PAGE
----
Precision oncology computational methods for diagnosis and treatment selection are generating increased attention in parallel with the increased use of targeted cancer therapies. To outline best practices for ensuring the clinical utility of predictive computational methods in the oncology clinic, the National Cancer Policy Forum and the Board on Mathematical Sciences and Analytics at the National Academies of Sciences, Engineering, and Medicine hosted a workshop in October 2018. A diverse group of stakeholders and experts were in attendance, including computer scientists, clinicians, industry leaders, health systems, federal agencies, and others.
Workshop attendees identified several factors critical to the effective translation of computational precision oncology into clinical practice: enhanced quality of data collection and management, validation and reproducibility of computational algorithms, regulatory oversight, and development of patient-centered and clinician-friendly tools. The group discussed the need for national standards for streamlining data collection to help ensure reliability and completeness of clinical data. Workshop attendees also proposed that computational methods be classified as medical device software, to be evaluated by the US Food and Drug Administration for potential risks they may pose to individuals. Validation of computational methods, including comparison against standards of care and clinical practice guidelines, as well as periodic recertifications should be ongoing to ensure sustained quality and accuracy.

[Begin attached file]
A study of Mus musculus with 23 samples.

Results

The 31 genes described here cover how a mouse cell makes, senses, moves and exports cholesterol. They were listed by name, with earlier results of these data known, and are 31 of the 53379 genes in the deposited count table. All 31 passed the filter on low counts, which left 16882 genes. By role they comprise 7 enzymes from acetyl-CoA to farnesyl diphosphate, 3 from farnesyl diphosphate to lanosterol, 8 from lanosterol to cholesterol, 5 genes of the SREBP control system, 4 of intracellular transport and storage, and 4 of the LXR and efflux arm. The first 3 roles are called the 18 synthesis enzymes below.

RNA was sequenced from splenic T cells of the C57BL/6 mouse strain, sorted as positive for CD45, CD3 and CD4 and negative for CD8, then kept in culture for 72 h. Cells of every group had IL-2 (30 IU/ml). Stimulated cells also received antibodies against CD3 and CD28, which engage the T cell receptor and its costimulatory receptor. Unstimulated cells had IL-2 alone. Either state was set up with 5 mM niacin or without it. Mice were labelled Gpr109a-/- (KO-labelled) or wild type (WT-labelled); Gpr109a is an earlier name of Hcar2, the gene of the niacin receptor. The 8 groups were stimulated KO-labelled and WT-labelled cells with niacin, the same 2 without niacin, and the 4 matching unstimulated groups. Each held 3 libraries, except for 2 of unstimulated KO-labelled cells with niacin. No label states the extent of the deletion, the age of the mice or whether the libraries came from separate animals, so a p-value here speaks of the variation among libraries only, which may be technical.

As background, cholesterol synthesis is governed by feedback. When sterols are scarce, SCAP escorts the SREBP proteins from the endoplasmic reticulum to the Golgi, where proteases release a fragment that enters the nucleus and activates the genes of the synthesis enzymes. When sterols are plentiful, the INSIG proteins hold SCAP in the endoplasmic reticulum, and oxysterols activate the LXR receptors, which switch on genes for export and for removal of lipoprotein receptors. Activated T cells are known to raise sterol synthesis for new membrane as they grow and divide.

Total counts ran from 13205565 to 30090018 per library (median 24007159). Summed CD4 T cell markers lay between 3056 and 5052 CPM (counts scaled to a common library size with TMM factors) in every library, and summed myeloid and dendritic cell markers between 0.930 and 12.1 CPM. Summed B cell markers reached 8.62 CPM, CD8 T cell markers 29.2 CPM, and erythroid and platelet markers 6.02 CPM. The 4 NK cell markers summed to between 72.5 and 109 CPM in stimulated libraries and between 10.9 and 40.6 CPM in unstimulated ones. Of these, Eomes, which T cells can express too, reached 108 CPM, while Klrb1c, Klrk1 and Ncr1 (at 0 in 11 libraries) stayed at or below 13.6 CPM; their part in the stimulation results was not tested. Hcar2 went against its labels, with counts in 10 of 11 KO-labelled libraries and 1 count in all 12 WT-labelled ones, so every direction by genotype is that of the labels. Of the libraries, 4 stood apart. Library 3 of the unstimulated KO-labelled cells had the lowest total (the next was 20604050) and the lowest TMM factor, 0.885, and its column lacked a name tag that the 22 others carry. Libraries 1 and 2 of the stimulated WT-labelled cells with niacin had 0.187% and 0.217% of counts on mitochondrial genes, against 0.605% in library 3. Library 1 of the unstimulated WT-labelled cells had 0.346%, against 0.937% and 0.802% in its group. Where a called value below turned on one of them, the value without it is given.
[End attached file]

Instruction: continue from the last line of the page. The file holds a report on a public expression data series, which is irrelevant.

High Altitude: As precision oncology becomes a mainstay of cancer therapy, oncologists now have access to a vast number of data regarding gene mutations and molecular structure of a patient’s cancer. The reliability of the data used to develop and apply computational algorithms is fully dependent on their completeness, quality, diversity, relevancy, timeliness, and accuracy. Concerted efforts to collect and align data from diverse groups can help reduce the risk of creating invalid and biased algorithms for eventual clinical application. Cancer clinics and hospitals can ensure sufficient support of computational oncology by hiring staff and acquiring technology capable of compiling and structuring data, generating reports to support oncologists, and communicating securely with other computational systems. Additionally, research training in informatics may serve as a foundation for accelerated training of clinical oncology fellows.
Ground Level: Interpreting biomarker test results and other computational methods, and using that information to select a particular treatment, can be daunting in the oncology clinic, especially when time is limited. To facilitate appropriate use of computational methods, treating physicians need to access multidisciplinary teams of pathologists and bioinformatics engineers with broad expertise and deep training in clinical informatics. This can be facilitated through the use of tumor boards or precision oncology boards that meet regularly, focus on the patient, and are designed to elicit communal feedback.